Two Visualizations: Wikipedia Edits During Middle-East Protests & Global Pulse (Twitter During Japan Earthquake)
[The four images shown] are from a short, dynamic visualization of edits to Wikipedia pages from December 1st to February 20th, 2011. It focuses on pages about nations where protests and revolutions occurred as well as pages about the protests themselves. Edits are color-coded by type, with orange-red lines indicating changes that added to a page whereas purple indicates changes that removed text from a page.
2. Global Pulse
by Abdur Chowdhury et. al.
Twitter is a remarkable tool to analyze information diffusion, and investigate social patterns and trends. In June 2011, Abdur Chowdhury and his team at Twitter posted a few visualization experiments covering the volume and worldwide scale of Twitter messages during the devastating earthquake in Japan on March 11.
As they stated on the original post: “During major events, people use Twitter to share news and thoughts with friends, family and followers around the world. Messages originating in one place are quickly spread across the globe through Retweets, @replies and Direct Messages. We see this behavior during everything from sporting events like the World Cup to widely-televised news events like the royal wedding, and also in the face of major disasters like the March 11 earthquake in Japan, where the volume of Tweets sent per second spiked to more than 5,000 TPS five separate times after the quake and ensuing tsunami.”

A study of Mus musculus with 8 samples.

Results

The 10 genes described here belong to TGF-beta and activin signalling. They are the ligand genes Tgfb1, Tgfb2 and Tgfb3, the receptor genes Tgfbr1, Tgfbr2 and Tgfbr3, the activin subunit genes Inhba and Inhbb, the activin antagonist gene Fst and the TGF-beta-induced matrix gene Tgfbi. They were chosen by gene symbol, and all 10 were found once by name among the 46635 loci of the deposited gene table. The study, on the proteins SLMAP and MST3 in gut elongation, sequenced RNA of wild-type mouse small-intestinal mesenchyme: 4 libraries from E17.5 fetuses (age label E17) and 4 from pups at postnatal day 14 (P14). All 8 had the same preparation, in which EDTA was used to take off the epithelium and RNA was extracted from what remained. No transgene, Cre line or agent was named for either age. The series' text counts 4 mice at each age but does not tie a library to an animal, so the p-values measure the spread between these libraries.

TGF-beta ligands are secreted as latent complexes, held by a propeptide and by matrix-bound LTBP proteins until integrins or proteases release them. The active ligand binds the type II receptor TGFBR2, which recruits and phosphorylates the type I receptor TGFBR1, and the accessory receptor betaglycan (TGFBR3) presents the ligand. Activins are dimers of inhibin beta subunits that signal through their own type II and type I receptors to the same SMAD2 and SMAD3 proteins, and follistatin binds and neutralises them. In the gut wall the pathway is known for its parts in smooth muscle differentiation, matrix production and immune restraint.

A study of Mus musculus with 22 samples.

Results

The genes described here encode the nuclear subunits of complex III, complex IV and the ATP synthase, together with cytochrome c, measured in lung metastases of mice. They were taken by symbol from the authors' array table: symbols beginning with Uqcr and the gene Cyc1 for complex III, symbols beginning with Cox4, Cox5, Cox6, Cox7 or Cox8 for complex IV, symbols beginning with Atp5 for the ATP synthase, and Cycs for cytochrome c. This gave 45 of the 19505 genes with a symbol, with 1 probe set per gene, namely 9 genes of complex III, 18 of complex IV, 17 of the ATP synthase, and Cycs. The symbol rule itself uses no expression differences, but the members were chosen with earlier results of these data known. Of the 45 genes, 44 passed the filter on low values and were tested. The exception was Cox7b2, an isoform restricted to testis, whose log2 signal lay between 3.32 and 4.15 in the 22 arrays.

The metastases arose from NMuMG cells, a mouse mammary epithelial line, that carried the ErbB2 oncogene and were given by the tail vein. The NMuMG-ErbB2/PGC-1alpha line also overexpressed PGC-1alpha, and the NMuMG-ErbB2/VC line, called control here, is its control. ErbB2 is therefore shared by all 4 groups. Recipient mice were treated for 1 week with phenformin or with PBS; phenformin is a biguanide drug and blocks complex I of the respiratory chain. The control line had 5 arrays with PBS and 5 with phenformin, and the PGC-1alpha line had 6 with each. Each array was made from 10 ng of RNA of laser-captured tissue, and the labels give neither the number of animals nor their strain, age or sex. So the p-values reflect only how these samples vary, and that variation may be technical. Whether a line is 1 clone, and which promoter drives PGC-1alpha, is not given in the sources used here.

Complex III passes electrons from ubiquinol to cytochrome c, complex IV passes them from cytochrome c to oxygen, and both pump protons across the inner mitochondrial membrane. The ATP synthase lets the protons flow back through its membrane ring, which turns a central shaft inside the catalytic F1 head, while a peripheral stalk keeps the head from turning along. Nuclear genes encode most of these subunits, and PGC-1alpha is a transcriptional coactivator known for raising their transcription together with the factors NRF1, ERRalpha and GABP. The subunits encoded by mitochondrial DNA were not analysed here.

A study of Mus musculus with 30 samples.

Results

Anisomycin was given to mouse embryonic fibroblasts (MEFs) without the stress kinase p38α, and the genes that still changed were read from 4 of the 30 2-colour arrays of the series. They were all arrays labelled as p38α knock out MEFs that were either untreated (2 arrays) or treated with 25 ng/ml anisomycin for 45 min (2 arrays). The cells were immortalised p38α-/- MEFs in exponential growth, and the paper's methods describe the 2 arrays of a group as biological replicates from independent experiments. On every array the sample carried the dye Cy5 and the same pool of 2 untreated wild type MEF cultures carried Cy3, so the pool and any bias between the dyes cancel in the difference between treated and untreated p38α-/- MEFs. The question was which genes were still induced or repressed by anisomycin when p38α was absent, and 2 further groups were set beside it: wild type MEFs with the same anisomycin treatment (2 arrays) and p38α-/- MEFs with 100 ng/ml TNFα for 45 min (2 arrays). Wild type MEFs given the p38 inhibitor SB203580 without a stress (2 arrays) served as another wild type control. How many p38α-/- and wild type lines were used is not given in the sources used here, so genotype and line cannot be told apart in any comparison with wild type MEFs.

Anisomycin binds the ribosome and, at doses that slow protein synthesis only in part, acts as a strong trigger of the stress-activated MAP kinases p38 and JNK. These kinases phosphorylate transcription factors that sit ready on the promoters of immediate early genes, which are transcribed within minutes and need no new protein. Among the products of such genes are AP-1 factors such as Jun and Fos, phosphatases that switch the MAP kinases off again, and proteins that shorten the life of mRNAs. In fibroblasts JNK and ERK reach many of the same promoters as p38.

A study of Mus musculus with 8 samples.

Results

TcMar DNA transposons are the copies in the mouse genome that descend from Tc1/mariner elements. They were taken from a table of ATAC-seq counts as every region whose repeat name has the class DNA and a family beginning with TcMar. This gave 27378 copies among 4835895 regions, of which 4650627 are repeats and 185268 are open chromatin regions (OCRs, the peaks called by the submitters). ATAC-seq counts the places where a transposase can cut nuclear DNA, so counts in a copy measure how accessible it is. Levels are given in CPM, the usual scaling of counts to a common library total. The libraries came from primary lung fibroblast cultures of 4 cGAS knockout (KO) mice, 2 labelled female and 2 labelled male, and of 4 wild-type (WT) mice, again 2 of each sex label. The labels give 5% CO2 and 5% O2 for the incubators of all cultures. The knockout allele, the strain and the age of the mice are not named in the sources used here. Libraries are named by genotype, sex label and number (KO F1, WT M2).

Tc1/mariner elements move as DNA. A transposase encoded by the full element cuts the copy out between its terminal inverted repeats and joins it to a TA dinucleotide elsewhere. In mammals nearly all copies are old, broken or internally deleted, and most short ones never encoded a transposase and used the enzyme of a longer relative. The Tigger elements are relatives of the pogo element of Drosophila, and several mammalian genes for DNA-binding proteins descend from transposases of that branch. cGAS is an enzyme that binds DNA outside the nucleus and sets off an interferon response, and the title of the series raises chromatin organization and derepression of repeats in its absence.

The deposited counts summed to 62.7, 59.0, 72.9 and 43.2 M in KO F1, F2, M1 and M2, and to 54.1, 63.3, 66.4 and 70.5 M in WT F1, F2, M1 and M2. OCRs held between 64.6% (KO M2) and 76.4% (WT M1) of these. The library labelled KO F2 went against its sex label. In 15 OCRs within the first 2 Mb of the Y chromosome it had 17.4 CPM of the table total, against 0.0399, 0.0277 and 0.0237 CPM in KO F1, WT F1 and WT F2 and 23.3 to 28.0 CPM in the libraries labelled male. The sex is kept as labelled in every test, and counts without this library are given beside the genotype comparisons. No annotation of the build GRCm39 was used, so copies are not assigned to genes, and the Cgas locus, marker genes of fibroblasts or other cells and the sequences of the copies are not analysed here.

About Gary Price
Gary Price (firstname.lastname@example.org) is a librarian, writer, consultant, and frequent conference speaker based in the Washington D.C. metro area. Before launching INFOdocket, Price and Shirl Kennedy were the founders and senior editors at ResourceShelf and DocuTicker for 10 years. From 2006-2009 he was Director of Online Information Services at Ask.com, and is currently a contributing editor at Search Engine Land.